Western Dough advisor:
Partners are all from Bowles Hollowell Connor (yes, that Bowles) investment bank:
This partner was senior member on Bowles Senate campaign staff:
I think that you are 'right on' concerning the liquidity bubble. There is a lot of money looking for investment and to loan. A rising tide is lifting all boats including some s***ty companies and stocks.
On the Sovereign sale/leasebacks we know that GI terminated Sovereign's leases in bankruptcy. It is public knowledge whether KKD had guaranteed these leases and if so what the current status is?
here's the info. you can check out the entire thread for info on which stores were kept, etc
Look at the GI financial statments for March.
Sales were about $2.4 million.
Gross payroll: $0.85
Expenses net of Interest/Principal (0.21) and Cure Amount (0.06): $0.87
That's net profit of $0.78.
Mix and royalties.
How much accrued during the quarter from kkd for mix?
If royalties were 5.5%, that's another 0.12.
Payables went up by 0.95 during the quarter; net of kkd's 0.72 (0.6 + 0.12), that's expenses of 0.23.
So, adding it all together, pre-tax income would be
0.78 - 0.72 - 0.23 = (0.17).
Take out the royalty and it's (0.05).
Remember, though that this performance assumes no depreciation and no interest payments.
also, i agree that spoor told Kelso something. I assume he told them he's buying the territory to re-flip it to KKD one day, and a second maybe more important thing: he's leveraging fixed costs.
Look at MOVI's buy-out of Holywood. MOVI was in trouble an overleveraged. What was their answer? Lever up even more, make an acquisition and share the fixed costs! Pure Roll-up strategy. Now MOVI will probably end up doing a bk anyway, but guess what? Whoever funded/approved this buy-out did so because they thought it sounded ok. There was no "mysterious reason".
I think the lessons of the dot-com bubble, only 6 years old, are being forgotten not only by BlackRock Kelso but also by us, when we try to "make sense" of the GI deal, the Sovereign sale-leasebacks, the SP loan to KKD etc.
Look, there's a liquidity & hedge fund bubble. There's tons of trash out there. junky junky stuff. Personally, I would not for a minute infer KKD forgiveness of anything.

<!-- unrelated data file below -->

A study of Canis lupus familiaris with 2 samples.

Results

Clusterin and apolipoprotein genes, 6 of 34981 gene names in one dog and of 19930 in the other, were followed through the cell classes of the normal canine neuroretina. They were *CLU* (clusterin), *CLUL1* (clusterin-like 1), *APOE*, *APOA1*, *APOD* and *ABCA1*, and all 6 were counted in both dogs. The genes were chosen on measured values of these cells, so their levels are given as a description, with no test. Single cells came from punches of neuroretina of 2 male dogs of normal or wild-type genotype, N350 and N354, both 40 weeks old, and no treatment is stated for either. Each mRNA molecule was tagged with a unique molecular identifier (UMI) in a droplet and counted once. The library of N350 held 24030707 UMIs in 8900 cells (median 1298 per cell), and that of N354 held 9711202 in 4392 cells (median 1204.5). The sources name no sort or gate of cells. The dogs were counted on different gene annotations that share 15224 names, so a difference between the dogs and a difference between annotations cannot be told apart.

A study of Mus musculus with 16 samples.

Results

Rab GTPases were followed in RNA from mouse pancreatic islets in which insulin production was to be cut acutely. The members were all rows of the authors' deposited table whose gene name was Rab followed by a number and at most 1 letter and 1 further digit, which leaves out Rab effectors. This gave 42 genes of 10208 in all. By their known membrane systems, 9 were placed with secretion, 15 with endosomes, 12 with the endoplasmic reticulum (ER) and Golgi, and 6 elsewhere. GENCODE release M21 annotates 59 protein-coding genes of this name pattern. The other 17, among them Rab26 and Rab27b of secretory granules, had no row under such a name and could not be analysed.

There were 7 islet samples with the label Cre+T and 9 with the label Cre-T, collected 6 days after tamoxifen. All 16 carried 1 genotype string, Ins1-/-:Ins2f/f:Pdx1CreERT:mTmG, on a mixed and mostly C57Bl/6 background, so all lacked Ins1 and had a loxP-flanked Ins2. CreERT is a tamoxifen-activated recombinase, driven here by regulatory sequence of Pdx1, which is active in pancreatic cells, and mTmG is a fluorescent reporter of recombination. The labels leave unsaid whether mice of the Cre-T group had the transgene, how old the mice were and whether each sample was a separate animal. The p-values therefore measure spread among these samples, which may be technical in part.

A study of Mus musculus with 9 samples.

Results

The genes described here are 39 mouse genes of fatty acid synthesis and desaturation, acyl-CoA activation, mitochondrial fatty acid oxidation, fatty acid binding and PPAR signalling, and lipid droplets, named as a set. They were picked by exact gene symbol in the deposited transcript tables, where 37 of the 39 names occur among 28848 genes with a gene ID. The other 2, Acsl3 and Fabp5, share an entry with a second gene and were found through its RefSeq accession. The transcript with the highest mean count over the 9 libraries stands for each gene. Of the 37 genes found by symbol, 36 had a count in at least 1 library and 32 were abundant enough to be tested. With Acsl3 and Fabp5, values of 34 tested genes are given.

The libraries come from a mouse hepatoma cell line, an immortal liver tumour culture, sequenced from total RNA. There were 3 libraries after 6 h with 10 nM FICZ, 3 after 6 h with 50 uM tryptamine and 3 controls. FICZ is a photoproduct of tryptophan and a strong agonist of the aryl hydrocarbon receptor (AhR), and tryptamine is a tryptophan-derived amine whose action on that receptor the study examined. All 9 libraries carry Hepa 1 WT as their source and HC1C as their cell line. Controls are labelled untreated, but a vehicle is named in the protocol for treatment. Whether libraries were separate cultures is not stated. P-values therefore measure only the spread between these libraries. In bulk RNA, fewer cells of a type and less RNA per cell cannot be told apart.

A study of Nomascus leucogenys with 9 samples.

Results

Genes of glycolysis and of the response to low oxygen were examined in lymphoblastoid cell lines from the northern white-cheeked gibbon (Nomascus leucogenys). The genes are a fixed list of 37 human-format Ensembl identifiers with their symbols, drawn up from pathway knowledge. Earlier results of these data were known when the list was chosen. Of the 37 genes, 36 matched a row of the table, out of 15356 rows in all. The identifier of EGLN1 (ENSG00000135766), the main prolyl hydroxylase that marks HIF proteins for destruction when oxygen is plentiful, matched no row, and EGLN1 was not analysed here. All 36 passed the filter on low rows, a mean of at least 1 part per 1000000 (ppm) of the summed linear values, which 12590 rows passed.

>> Then the question becomes, why would somebody lend LS $10 million to buy the GI assets?
It seems to me that at a sufficiently low level of royalties, and with the investment in buildings and equipment regarded as lost, the business ought to be profitable. I mean, people do make a living from doughnut stores, and having "free" buildings and equipment ought to enable you to outcompete.
So if KKD made sufficient concessions, it ought to be able to put together pro formas that induce the investment bankers to invest.
From an economic point of view, what would be happening in such a deal is that KKD gives up the part of its royalties that is uncollectible because it is so high that it drives WD out of business, and it sells another part of its future royalties to Kelso for $10 million. The equity holders of WD, and any lenders subordinate to Kelso, are obviously the losers in this deal.
My guess is, that like other area developers, LS ran up significant payables to kkd.
What if kkd forgave those receivables (from kkd's perspective) in return for LS buying the GI assets?
Then the question becomes, why would somebody lend LS $10 million to buy the GI assets?
My thought is that Spoor must have realized his business could not go on as it had, and that's why he brought in the "strategic alternatives" guys.
If WD could not go on as it had, I can't imagine that adding GI (even a winnowed-down version) would turn it around. The inference is that KKD must have made some kind of concession that turned WD into a more viable entity.